The Thousand Islands Gilded Age
The American Gilded Age was a time of rapid technical advances, industrialization, and thousands of new inventions from about 1870-1910. Mark Twain coined the term in his 1873 novel The Gilded Age: A Tale of Today that satirizedthe era of social problems that were masked by a layer of thin, gold gilding. All of my books are based during the Thousand Islands Gilded Age, when the wealthy came and scooped up the islands and built lavish summer homes, mansions, and castles.
It was an era of economic growth. Since wages were higher than Europe, massive immigration drew about twenty million to the U.S. shores. Unions fought to stop child labor and establish an eight-hour work day. Social reforms included women’s suffrage, prohibition, and other civil changes. In the cities, labor unions became important in regulating industry, while trusts grew stronger in several industries. Education, prohibition, and racial inequalities dominated politics as did economic affairs of money supply and tariffs.
Unfortunately, it was also a time of unequal distribution of wealth where the rich got richer and the poor working class suffered. Many young women worked as servants until they married, and that’s what my stories are about—those nameless, faithful women who cooked and cleaned and served tables for the rich and famous. These “downstairs” women had fascinating stories to tell, and I plan to tell many of them.
The Gilded Age titans of industry changed our world—people like John D Rockefeller, Andrew Carnegie, J.P. Morgan, Cornelius Vanderbilt, George Pullman, and others who were sometimes called “robber barons.” But there were others who quietly made a difference—people like Frederick Bourne who took the Singer sewing machine around the globe as highlighted in my novel, Devyn’s Dilemma.
When city growth ballooned during this time, so did the economic problems of housing, the poor, and many social problems. Factories, railroads, finance, and mining were just a few of the growing industries during this time, while immigrants and others moved West and filled jobs in mining, farming, ranching, and building railroads. The number of public schools multiplied and so did membership in churches, especially in Catholicism due to so many Irish, Italian, and other immigrants. But the Panic of 1873 and the Panic of 1893 depressed growth for a season and brought political and social strife.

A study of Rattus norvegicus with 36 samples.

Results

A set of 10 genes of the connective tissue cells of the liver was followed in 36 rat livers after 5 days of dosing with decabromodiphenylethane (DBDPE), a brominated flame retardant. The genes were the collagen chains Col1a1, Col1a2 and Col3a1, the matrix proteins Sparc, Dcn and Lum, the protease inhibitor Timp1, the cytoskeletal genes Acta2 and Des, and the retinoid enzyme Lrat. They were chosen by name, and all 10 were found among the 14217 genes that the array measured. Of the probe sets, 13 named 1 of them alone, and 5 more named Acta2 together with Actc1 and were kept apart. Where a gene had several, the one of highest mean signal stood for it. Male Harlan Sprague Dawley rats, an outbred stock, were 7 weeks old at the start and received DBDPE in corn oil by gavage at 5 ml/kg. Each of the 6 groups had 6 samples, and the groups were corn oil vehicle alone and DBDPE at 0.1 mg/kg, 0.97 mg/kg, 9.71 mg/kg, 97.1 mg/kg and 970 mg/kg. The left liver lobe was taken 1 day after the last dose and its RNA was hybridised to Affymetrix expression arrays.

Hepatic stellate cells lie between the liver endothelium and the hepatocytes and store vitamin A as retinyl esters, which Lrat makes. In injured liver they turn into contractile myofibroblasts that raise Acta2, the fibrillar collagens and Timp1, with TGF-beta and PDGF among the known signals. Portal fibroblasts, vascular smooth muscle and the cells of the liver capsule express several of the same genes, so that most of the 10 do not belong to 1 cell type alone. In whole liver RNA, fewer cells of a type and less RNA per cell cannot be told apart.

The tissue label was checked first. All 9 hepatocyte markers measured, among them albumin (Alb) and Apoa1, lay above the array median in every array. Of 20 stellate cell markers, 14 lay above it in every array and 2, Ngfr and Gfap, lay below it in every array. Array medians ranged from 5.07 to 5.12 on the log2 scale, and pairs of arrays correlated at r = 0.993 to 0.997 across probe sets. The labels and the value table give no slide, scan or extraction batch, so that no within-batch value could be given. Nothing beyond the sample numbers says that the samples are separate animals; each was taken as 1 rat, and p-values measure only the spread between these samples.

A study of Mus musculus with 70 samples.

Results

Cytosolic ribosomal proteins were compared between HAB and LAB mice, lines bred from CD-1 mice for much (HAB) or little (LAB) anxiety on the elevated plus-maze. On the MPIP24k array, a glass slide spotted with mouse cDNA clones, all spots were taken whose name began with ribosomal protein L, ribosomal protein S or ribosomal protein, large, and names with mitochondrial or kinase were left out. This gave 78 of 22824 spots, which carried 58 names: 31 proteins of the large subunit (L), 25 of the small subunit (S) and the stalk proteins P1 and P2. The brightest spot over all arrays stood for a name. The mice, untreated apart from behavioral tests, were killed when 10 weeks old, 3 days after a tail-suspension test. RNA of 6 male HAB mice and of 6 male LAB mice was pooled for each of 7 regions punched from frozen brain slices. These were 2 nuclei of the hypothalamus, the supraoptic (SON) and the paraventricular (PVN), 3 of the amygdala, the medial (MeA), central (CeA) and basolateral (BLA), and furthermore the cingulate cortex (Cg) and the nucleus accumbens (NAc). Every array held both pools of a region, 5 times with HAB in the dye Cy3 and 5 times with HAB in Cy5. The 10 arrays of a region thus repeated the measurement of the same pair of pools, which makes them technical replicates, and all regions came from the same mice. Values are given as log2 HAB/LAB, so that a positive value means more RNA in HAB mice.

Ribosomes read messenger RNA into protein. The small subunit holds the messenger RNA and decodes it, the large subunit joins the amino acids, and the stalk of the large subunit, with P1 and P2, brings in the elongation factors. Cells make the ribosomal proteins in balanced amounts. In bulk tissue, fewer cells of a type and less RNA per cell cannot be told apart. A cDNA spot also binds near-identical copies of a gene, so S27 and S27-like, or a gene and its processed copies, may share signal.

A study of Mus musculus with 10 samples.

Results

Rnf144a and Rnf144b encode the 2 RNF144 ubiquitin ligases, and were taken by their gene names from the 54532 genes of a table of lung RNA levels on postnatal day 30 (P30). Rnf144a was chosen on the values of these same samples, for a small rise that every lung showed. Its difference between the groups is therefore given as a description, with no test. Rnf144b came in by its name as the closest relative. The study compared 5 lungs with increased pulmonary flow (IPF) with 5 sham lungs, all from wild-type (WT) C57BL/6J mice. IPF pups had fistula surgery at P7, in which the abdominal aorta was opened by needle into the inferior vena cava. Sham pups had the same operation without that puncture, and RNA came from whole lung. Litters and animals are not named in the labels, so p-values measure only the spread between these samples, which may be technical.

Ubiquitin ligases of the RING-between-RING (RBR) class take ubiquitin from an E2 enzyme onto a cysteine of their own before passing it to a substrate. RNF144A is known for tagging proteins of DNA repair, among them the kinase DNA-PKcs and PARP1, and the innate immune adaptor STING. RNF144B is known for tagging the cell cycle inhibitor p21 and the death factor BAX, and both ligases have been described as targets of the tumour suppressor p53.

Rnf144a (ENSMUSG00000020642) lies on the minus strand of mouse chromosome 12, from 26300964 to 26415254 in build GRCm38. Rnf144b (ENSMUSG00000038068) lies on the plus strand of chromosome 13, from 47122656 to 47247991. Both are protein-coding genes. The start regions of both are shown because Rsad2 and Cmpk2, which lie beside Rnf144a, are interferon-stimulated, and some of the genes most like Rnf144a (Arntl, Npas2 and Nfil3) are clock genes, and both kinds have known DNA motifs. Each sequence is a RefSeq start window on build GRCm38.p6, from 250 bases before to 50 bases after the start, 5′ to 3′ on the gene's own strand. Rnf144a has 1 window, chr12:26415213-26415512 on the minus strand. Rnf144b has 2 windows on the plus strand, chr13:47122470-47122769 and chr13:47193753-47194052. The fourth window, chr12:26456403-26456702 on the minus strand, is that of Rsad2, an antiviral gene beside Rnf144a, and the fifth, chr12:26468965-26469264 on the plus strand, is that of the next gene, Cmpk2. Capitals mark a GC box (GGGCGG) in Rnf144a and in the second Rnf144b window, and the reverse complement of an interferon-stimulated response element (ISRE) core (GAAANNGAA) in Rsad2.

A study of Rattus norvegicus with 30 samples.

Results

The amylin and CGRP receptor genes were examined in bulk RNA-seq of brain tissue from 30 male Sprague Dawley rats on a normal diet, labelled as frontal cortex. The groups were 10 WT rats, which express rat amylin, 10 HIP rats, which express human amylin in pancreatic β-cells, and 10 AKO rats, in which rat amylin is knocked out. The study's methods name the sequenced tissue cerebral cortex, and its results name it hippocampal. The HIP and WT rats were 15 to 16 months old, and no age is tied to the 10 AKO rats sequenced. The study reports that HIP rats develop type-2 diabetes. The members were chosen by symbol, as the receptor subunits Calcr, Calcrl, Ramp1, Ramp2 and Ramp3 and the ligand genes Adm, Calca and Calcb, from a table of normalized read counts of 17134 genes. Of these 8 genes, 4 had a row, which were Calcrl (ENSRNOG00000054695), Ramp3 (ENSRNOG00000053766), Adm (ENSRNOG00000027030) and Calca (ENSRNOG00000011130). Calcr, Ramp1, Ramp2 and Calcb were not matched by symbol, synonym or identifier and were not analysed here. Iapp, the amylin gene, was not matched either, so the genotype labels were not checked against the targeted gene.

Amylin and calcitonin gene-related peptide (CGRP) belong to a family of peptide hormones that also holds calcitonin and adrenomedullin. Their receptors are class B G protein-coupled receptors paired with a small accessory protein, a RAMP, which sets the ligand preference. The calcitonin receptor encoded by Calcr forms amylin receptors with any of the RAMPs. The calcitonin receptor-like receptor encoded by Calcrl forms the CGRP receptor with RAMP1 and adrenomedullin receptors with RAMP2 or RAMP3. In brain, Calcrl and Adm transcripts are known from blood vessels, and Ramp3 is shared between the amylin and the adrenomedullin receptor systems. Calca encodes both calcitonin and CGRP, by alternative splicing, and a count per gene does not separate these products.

During this era, technology and industrialization grew the economy. Mechanization created less expensive products. The steel industry exploded, and the first transcontinental railroad opened in 1869. For the first time one could travel from New York to San Francisco in just six days. By 1880, railroad mileage tripled and brought the nation closer together. Markets became national and the world smaller.
During the Gilded Age, America led the world in innovation. A half-million patents were issued for new inventions including hundreds by Thomas Edison, Westinghouse, and others. Thanks to inventions such as delivery of electric power, the world became lighter, safer, more convenient and comfortable, and all around better.
So this is why I write Thousand Islands Gilded Age stories. To share the rich heritage this era gave us and better understand what it was like. What fascinates you about this time? I’d love to know.